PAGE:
The first time I went through the carwash with my Tesla Model 3, I couldn’t figure out how to put the car in neutral, so I had to suffer through an embarrassing ordeal of stopping the machine and starting it again several times before they just told me to put it in drive and walked me through it. Intent on not doing that again, I went out and figured out how to wash the Model 3 properly.
(Don’t) Do It — For The Rims
First off — I don’t recommend running the Model 3 through an automated carwash, and I’m not a car snob. The folks manning these things just have a habit of running my rims into those nasty guide rails that can so easily smash your rims.
In fact, I don’t make a point of washing my car that often, but the two times that I have, I’ve run it through the auto wash and regretted it both times. The last time was this past week when they directed me into the car wash and again slammed my rims right into the rails, giving me the perfect opportunity to test out the wheel bands from EV Annex. Thankfully, they worked well — the rim guard lost its life, but my rim was saved … for what it’s worth.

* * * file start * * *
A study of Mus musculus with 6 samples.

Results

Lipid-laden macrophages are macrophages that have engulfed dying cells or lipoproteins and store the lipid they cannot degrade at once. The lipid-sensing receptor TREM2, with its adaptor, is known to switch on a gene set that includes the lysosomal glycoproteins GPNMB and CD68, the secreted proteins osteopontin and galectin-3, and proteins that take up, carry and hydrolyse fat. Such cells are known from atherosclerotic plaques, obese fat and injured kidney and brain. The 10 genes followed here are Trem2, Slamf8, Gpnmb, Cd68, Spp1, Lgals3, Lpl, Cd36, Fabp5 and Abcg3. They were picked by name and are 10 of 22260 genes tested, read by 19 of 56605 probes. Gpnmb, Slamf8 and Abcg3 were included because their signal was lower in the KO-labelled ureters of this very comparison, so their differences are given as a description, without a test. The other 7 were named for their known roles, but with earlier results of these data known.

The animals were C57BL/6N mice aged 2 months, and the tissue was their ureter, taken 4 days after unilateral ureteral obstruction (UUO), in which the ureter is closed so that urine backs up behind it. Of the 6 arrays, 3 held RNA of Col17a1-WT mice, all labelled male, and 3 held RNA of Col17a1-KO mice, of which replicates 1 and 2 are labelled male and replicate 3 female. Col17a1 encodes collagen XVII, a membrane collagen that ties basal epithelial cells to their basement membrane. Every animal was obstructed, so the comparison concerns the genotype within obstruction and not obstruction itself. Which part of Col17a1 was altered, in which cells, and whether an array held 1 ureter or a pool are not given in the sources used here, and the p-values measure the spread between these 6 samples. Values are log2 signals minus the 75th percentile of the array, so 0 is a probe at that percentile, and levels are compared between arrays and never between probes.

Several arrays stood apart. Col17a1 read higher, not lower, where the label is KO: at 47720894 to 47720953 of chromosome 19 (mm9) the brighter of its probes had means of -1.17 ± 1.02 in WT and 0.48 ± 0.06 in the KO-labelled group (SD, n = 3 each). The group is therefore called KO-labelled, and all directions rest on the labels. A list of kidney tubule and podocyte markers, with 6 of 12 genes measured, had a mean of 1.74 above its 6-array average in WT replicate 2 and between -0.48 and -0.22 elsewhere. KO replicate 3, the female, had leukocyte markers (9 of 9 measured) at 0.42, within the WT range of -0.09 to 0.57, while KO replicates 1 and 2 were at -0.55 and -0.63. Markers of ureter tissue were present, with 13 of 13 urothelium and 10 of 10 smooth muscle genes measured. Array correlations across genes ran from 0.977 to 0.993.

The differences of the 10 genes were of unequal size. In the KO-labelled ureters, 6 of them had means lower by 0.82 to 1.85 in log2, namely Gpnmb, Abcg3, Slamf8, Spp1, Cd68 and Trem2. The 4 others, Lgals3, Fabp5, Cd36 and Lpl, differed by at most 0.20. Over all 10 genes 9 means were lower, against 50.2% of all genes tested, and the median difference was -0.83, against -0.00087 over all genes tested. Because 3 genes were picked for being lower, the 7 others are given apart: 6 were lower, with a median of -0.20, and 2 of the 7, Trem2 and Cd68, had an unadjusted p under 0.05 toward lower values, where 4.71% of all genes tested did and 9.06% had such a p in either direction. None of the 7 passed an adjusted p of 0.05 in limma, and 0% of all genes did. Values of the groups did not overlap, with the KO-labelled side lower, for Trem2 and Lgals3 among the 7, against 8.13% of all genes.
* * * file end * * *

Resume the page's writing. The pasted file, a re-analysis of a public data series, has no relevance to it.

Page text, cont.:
Put It In Neutral
The big hurdle with running the Tesla Model 3 through an automated carwash is that, while there’s an “N” on the shift stalk, the way to actually shift the vehicle into neutral is not intuitive. To do so, pull the stalk down lightly for two seconds and the display then indicates that the vehicle is in neutral.
It’s worth noting that this only works in carwashes that let the driver go through with the vehicle. When there’s no driver in the driver’s seat, the vehicle will automatically shift back into park after 20 seconds or so of being in neutral. In that case, you may have to leverage a bit of the old social skills to sweet talk the attendant into letting you ride through the wash with the car.
Off With Her Wipers!
The second thing that needs to be adjusted when going through an automated carwash is the windshield wipers. If they’re set to Auto, they’ll just starting wiping away when they detect “rain” from the carwash. It’s not the end of the world, but it can damage the wipers and leave streaks on what otherwise would have been a nice clean windshield.
To turn off the wipers or to confirm that they have been manually turned off, just tap on the persistent wiper button on the bottom left hand corner of the display to pull up the windshield wiper card. From there, you can tap the windshield icon to turn the wipers off if they’re on or to turn them on with one of four manual settings or put them in auto to let the car make the decision.
Have more tips for running a Model 3 through a carwash (other than just saying not to do it)? Share them with your fellow CleanTechnica readers in the comments.